A brief history of NFS server access restrictions
In the beginning, NFS servers had no access restrictions. No, really.
In the early versions of NFS, the kernel NFS code had no access checks;
if you had a valid filehandle, the kernel
was happy to talk to you, regardless of who you were. What NFS access
restrictions existed were all done during the NFS mount process; if you were not authorized to mount the particular thing
you were asking for,
mountd would not give you a filehandle for
it. This was, of course, secure only as long as you couldn't get a
filehandle in some other way, and pretty soon it was painfully clear
that you could.
(And once you had the filehandle for the top of a filesystem, that was pretty much it, because it wasn't as if that filehandle could easily be changed.)
This sparked a rush to put some sort of NFS access restrictions in
the kernel itself. However, Sun had made NFS export permissions very
flexible and full of user-level concepts like NIS netgroups; it was
clear that you couldn't just push
/etc/exports lines into the kernel
and be done with it.
At first people tried having
mountd add specific permissions (this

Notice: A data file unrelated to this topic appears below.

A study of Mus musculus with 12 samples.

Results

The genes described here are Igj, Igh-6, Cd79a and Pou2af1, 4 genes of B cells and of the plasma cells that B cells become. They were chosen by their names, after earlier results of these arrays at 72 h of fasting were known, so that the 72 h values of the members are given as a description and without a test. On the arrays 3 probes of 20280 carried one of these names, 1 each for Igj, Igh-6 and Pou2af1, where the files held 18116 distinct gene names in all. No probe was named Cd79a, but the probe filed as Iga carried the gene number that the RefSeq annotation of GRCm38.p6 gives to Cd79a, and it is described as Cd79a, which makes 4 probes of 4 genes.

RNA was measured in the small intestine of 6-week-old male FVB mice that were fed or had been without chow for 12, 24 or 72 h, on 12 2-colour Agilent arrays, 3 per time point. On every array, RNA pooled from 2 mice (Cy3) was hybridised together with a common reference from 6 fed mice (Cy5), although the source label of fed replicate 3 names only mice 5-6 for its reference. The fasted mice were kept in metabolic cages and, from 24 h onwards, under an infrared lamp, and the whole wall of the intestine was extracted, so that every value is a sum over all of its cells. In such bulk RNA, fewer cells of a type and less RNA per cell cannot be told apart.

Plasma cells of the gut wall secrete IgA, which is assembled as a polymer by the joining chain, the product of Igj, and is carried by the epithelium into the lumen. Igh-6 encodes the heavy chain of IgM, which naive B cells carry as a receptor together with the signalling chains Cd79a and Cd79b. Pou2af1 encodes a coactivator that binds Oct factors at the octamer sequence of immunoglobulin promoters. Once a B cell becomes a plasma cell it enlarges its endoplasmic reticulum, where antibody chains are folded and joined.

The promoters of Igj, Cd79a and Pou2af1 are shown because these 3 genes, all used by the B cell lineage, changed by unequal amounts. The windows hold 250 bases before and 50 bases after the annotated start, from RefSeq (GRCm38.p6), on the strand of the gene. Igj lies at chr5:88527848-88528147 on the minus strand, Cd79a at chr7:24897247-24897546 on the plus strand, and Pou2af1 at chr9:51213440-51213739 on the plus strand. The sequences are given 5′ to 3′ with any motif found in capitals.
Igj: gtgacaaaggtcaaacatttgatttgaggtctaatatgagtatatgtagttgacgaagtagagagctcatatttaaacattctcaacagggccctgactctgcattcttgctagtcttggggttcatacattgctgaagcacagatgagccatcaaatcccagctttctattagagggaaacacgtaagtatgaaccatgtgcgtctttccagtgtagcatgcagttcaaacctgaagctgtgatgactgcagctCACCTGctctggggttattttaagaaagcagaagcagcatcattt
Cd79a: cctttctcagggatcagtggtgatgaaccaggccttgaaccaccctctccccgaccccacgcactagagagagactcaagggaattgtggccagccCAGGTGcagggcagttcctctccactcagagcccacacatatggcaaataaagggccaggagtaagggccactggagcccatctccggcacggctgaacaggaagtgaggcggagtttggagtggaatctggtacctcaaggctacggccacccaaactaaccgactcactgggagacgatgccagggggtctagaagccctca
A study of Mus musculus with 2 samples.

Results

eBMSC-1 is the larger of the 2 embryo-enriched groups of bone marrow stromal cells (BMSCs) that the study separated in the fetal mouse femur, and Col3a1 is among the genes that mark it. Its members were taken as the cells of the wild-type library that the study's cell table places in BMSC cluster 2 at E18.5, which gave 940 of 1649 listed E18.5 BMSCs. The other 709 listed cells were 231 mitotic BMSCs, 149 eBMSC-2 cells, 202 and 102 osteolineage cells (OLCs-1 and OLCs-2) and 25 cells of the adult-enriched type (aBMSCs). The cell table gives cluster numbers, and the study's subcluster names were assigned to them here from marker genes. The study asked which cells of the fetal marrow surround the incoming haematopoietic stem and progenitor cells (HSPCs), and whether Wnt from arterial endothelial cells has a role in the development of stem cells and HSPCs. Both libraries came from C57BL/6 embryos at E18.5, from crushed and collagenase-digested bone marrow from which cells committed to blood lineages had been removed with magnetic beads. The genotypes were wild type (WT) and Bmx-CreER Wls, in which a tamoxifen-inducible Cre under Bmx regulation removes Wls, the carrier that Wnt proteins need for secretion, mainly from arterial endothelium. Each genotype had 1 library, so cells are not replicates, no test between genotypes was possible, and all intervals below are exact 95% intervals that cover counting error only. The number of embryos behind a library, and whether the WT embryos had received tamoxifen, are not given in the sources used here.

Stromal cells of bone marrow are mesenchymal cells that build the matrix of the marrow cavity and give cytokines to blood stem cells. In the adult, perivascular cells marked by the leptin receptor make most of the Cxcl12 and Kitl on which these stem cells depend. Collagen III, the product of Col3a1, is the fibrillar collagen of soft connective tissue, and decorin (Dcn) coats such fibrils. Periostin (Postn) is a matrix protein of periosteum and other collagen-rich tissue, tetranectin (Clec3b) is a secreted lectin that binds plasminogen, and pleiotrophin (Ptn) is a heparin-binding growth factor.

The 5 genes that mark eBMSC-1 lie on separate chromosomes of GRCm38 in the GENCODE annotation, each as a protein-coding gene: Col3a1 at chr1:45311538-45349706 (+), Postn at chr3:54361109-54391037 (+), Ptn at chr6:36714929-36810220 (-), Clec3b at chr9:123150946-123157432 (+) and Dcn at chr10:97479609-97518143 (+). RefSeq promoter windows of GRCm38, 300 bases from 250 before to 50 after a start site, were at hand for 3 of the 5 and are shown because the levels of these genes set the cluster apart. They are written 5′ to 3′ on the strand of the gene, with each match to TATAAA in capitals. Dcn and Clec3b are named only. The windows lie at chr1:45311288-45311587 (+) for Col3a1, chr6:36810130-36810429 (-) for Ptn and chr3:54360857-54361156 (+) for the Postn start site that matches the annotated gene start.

IP address, this sort of access to this filesystem) to the kernel
either when it started or when client machines made (successful) mount
requests. There were at least two problems with this; first, for a
sufficiently big and permissive NFS server, this could be too much
information for the kernel to store, and second, there are situations
where this sort of static permission adding isn't good enough and valid
clients will get improper access denials.
As a result, all modern systems have moved to some sort of 'upcall'
mechanism; when the kernel gets a NFS request that it doesn't already
have permissions information for, it pokes
mountd to find out if
the client is allowed the specific access. The kernel's permission
information is effectively only a cache (hopefully big enough to avoid
upcalls under normal usage). This allows
mountd to have whatever crazy
permissions schemes it wants to without complicating the kernel's life.
Of course, this adds a new NFS mount failure mode. At least some kernels cache negative
permissions entries (this IP address is not allowed to access this
filesystem) so that they don't upcall to
mountd all the time for bad
clients. Under some situations valid clients can get stuck with such
a negative entry, and they can be very persistent. Until the negative
entry is cleared somehow, the client is not going to have access to the
filesystem, although everything will swear up and down that it has all
the necessary permissions,
mountd will give it a valid filehandle, and
(We had one client that couldn't mount a crucial filesystem from a Solaris 8 NFS server for months. Fortunately it was a test system.)